The Toronto Raptors have signed the first two-way contract in franchise history.
The honor of landing the team’s first hybrid roster spot goes to Malcolm Miller, according to a report from Doug Smith of the Toronto Star.
This seems to have been in the making for a few weeks now. Miller was first brought in to Toronto for the team’s two-day free-agent mini-camp at BioSteel Centre in June and was named to their Las Vegas Summer League roster shortly after. While there’s obvious competition from both of those groups for a spot – Alfonzo McKinnie and Jalen Reynolds were also at the workout and are on the Vegas roster, Kennedy Meeks has signed an Exhibit 10 deal that the team can convert to a two-way contract, and a handful of other interesting undrafted or G-League players are on the Summer League team – Miller appears to be a player the Raptors narrowed in on quite quickly.
A four-year senior out of Holy Cross, Miller jumped on the draft radar with a strong fourth season that marked a college career of annual improvement. With an emerging 3-point shot and a more multi-faceted offensive game, Miller carved out a larger role, ultimately averaging 14.5 points and earning Patriot League Second-Team honors. That wasn’t enough to get him quite in the mix, and he went undrafted.
Miller caught on with the Boston Celtics both for Summer League and for training camp that year. Over two Summer League tournaments, he averaged four points and 2.3 rebounds in just 12.1 minutes, then played just a handful of seconds in a single preseason game. Such is the life of an undrafted free agent, and accepting that reality, Miller jumped at the chance to be an Affiliate Player of the Celtics with the Maine Red Claws. In 47 games there, he averaged 12.4 points, 4.2 rebounds, 1.2 assists, and 1.3 blocks, shooting 49.6 percent from the floor and 39.8 percent on threes.From there, Miller opted to head to Germany for the 2016-17 season, where his role shrunk but he still proved efficient. In 18.7 minutes, he put up 6.8 points, 3.3 rebounds, and 1.1 assists with a 62.4 true-shooting percentage, including a 38.5-percent mark from long-range.
A 6-foot-7 combo-forward with a 7-foot wingspan and an 11-foot-11 max vertical touch, Miller’s an interesting prospect in the modern NBA. He has the length, size (he’s 210 pounds at last measure), and athleticism to project as a solid defender at either forward spot, and while he doesn’t quite have the ball-skill or passing to play a major role from the wing (he can get into the paint himself but won’t create a ton off the dribble), the steady 3-point production could make him the typical stretch four that’s quite en vogue. It’s hard to project defense from non-NBA samples, but he was an elite shot-blocker for his position in college, and his block rate was nearly four percent in Germany.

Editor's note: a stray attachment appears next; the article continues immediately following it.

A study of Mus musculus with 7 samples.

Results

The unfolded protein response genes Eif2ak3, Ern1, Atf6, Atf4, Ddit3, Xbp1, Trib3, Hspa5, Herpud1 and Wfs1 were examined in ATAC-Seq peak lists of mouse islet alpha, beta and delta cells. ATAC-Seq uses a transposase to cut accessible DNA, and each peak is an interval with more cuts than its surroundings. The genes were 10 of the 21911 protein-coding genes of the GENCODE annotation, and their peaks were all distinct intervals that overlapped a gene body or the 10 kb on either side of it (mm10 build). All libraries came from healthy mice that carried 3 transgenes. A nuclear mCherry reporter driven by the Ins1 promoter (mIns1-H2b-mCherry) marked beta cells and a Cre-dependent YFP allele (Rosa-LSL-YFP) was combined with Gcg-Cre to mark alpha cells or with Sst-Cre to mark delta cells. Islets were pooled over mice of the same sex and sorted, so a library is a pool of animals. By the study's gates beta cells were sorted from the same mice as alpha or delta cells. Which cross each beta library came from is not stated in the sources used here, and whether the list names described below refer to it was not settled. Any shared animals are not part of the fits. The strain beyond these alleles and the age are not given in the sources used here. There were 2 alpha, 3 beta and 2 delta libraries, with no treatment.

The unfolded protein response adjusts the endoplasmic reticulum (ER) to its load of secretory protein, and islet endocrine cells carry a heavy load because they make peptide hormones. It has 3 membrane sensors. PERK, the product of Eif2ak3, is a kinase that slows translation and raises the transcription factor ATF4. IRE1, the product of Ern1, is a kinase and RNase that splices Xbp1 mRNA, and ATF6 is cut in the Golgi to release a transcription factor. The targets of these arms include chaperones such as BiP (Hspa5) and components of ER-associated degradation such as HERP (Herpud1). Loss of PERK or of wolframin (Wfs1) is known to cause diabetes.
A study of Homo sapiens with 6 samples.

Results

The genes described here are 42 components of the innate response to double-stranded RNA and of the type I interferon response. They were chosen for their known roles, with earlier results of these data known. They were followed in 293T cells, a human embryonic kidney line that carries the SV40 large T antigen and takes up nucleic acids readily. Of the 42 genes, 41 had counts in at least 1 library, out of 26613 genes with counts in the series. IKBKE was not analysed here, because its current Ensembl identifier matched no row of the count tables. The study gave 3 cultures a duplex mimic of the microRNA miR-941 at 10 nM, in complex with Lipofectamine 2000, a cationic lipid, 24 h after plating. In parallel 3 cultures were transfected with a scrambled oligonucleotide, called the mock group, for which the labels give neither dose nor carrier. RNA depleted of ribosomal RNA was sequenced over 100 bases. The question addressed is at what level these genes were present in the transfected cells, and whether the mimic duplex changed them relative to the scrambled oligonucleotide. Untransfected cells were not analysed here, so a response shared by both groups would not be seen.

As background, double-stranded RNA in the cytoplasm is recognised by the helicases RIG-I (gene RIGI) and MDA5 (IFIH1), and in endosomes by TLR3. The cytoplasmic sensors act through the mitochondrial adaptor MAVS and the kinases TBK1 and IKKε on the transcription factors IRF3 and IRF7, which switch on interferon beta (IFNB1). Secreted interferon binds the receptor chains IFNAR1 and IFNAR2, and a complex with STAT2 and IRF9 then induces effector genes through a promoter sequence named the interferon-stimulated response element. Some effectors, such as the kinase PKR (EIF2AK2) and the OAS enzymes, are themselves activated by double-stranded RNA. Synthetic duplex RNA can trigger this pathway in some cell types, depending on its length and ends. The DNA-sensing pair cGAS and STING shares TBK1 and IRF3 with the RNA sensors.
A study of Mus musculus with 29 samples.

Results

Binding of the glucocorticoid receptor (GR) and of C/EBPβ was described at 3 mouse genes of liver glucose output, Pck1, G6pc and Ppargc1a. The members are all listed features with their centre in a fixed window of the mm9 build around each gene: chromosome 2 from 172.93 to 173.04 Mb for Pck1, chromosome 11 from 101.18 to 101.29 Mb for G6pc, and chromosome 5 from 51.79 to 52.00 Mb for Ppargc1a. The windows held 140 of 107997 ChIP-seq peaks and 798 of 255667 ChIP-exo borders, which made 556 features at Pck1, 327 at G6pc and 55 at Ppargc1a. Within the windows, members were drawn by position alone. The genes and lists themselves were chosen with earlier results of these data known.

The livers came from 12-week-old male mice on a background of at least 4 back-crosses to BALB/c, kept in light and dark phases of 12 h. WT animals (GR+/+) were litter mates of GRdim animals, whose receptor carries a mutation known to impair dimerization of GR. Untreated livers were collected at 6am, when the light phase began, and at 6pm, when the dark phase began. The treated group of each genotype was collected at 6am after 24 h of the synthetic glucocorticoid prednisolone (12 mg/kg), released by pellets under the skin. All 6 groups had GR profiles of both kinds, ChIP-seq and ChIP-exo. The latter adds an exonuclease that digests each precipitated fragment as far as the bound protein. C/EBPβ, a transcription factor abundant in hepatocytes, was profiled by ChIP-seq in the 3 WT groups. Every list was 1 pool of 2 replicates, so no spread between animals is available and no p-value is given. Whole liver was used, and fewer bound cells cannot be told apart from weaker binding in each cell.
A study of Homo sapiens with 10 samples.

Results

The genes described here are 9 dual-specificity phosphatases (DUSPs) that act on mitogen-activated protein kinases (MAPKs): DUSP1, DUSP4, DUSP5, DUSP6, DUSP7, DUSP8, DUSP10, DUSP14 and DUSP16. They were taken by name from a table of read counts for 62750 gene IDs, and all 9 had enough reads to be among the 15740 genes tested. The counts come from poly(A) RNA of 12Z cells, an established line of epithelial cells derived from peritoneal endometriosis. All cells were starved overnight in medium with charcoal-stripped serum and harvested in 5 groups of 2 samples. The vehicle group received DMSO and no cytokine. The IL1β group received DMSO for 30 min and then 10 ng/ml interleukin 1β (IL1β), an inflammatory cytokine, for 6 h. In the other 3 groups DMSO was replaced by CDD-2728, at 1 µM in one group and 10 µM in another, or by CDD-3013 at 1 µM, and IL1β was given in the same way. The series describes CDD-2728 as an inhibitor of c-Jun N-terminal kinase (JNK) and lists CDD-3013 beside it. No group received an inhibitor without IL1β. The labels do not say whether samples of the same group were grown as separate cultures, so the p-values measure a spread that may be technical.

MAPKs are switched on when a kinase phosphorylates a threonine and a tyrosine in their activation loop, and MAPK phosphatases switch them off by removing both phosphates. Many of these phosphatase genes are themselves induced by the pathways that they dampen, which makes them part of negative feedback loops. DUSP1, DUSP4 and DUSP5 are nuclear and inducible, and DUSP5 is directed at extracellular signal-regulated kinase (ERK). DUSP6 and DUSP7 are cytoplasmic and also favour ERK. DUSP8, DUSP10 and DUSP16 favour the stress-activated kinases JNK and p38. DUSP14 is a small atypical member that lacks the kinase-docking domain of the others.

Still just 24, Miller has the raw pieces teams look for in 3-and-D prospects, and it’s presently a position of need on the parent club. He won’t be with them much, mind you, as the new two-way contracts limit a player’s NBA time to 45 days, plus any time before the beginning of G-League training camp and after the end of the G-League regular season. With the new tiered salary system for hybrid roster spots, the promise of some NBA time and a higher G-League salary is enough to compete with another season overseas, and Miller could earn up to an estimated $279,000 if he spends the maximum allowable time with the Raptors (with a much higher downside than on other G-League deals).
As a side-note, Miller won’t be eligible for the NBA playoff roster, though every two-way contract does have a conversion option that will allow the Raptors to convert this to an NBA minimum contract, should Miller impress and the need arise. As things stand, Miller will be with the Raptors for Summer League and training camp, then spend the bulk of his time with Raptors 905 (they don’t need to acquire his rights, as a two-way deal supersedes returning player rights) with occasional trips down the Gardiner to check in with the Raptors.
Miller will now be locked in to Raptors history as their first ever two-way contract signee. As a refresher, NBA teams now have two roster spots to give these kind of deals, which don’t count toward the salary cap or luxury tax (this has no bearing on the Raptors’ free agent situation). They’re a step toward creating a more robust development system and giving teams more control over developmental prospects, allowing them to take chances on helping a guy like Miller take the next step in his evolution with some certainty they’ll reap the benefits if it works out (players on two-way deals can’t be poached by other NBA teams). You can read more about the new two-way contract system here, I won’t bog the post down with more detail than that.
So, yeah, keep a closer eye on Miller in Vegas than you had maybe planned to. He’ll probably see a good slice of time at both forward spots, and he and Pascal Siakam could be a fun small-ball frontcourt for stretches there.